Education For Women And Girls Lifeline To Development
NEW YORK, 23 May 2011 – Making sure girls and women have equal access to quality education is key to sustainable economic development, UNICEF said today, as the world celebrates Global Action Week on Education.
This year’s Global Action Week focuses on Education for Women and Girls, as 53 per cent of all children out of school remain girls denied of the right to learn. Poverty, exploitation and armed conflict magnify the risk girls face even as they go to school, forcing many to stay home or drop out in fear of their safety. In countries such as the Democratic Republic of Congo, sexual violence and mass rape - a clear violation of their rights - continues to terrify and severely harm women and girls, ultimately denying them access to education.
“If the Millennium Development Goals are to be achieved by the 2015 deadline, we must step up efforts to ensure that more girls and women have the opportunity to learn,” says Susan Durston, UNICEF’s Associate Director of Education. “We have ample evidence that investing in girls’ education yields high returns.”
Girls with access to education not only vastly improve their own lives but also bring change to their families, economies, and societies. Providing girls and women with a quality education is a highly effective tool to address poverty and fight disease.
A woman is more likely to get a job and earn a higher wage if she has a basic education: one percentage point increase in female education raises the average level of GDP by 0.37 percentage points. Every additional year of primary school boosts girls’ eventual wages by 10 - 20 per cent, and an extra year of secondary school by 15 - 25 per cent.
Access to education has increased over the last two decades. Today, more children, and girls in particular are in school than ever before. The number of out-of-school children has decreased from 115 million to 67 million between 1999 and 2008, with notable increases in enrolment in sub-Saharan Africa and South Asia.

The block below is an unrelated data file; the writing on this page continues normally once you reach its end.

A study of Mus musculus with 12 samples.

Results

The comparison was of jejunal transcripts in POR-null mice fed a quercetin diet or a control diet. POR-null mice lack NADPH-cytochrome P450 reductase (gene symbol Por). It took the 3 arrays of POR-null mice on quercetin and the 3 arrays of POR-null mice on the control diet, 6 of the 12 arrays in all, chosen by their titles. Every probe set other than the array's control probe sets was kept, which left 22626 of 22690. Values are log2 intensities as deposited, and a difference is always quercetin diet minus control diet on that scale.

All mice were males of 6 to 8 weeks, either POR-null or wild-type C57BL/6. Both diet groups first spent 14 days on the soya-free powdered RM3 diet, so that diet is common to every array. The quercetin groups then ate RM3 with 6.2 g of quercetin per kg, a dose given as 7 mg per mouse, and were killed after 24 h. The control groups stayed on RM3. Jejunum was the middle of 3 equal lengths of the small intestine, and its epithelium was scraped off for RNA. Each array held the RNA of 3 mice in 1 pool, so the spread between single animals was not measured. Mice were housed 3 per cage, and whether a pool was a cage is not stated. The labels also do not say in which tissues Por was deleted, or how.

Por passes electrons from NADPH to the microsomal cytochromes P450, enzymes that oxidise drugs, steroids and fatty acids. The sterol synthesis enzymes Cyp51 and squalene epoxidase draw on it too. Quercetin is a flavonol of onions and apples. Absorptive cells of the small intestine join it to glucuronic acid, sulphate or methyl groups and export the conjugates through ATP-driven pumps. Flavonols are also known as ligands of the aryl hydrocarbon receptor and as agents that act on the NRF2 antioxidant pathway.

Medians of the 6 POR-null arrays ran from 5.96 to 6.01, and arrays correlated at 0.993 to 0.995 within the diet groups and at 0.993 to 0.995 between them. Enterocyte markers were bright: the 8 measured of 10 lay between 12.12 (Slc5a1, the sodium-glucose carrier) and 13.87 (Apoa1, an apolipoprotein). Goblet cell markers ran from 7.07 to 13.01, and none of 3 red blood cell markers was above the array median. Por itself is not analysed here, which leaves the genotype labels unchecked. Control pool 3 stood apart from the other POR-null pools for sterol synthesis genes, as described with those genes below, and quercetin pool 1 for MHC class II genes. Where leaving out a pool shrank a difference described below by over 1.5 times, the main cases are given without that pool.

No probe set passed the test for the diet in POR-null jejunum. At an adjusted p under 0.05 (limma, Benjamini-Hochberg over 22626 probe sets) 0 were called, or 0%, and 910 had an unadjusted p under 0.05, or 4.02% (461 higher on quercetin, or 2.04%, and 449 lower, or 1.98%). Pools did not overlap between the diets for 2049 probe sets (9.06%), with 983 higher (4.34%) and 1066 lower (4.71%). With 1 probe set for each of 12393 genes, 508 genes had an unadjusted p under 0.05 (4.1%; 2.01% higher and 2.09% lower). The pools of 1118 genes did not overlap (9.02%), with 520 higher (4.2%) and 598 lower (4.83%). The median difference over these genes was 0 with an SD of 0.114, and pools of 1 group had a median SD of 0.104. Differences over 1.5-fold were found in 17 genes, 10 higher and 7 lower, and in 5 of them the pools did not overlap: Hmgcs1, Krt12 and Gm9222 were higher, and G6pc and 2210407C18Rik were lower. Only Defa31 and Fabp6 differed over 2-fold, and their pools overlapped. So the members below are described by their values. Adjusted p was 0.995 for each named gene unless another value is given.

Countries such as Bangladesh, Burkina Faso, Mozambique, Nepal, Tanzania and Yemen have combined rapid increases in enrolment with improved gender equality. As a result, between 1999 and 2008 the gender gap in the out-of-school population narrowed from 57 per cent to 53 per cent globally.
UNICEF and its partners are working to overcome barriers preventing access to education through Back to School campaigns, school fee abolition, child-friendly schools, and early childhood education. The Back on Track programme works to bring educational opportunities during and after crises, including by establishing child-friendly spaces, which create an environment where children are protected from sexual exploitation and other kinds of abuse.
“Getting girls into school demands concerted action and political leadership. In addition, the rights and needs of girls also have to be addressed to ensure that they stay in school and receive a quality education,” Durston said. “Bolder steps must be taken on all fronts to ensure the successful transition from primary to secondary education and to make sure that girls can complete a full course of learning.”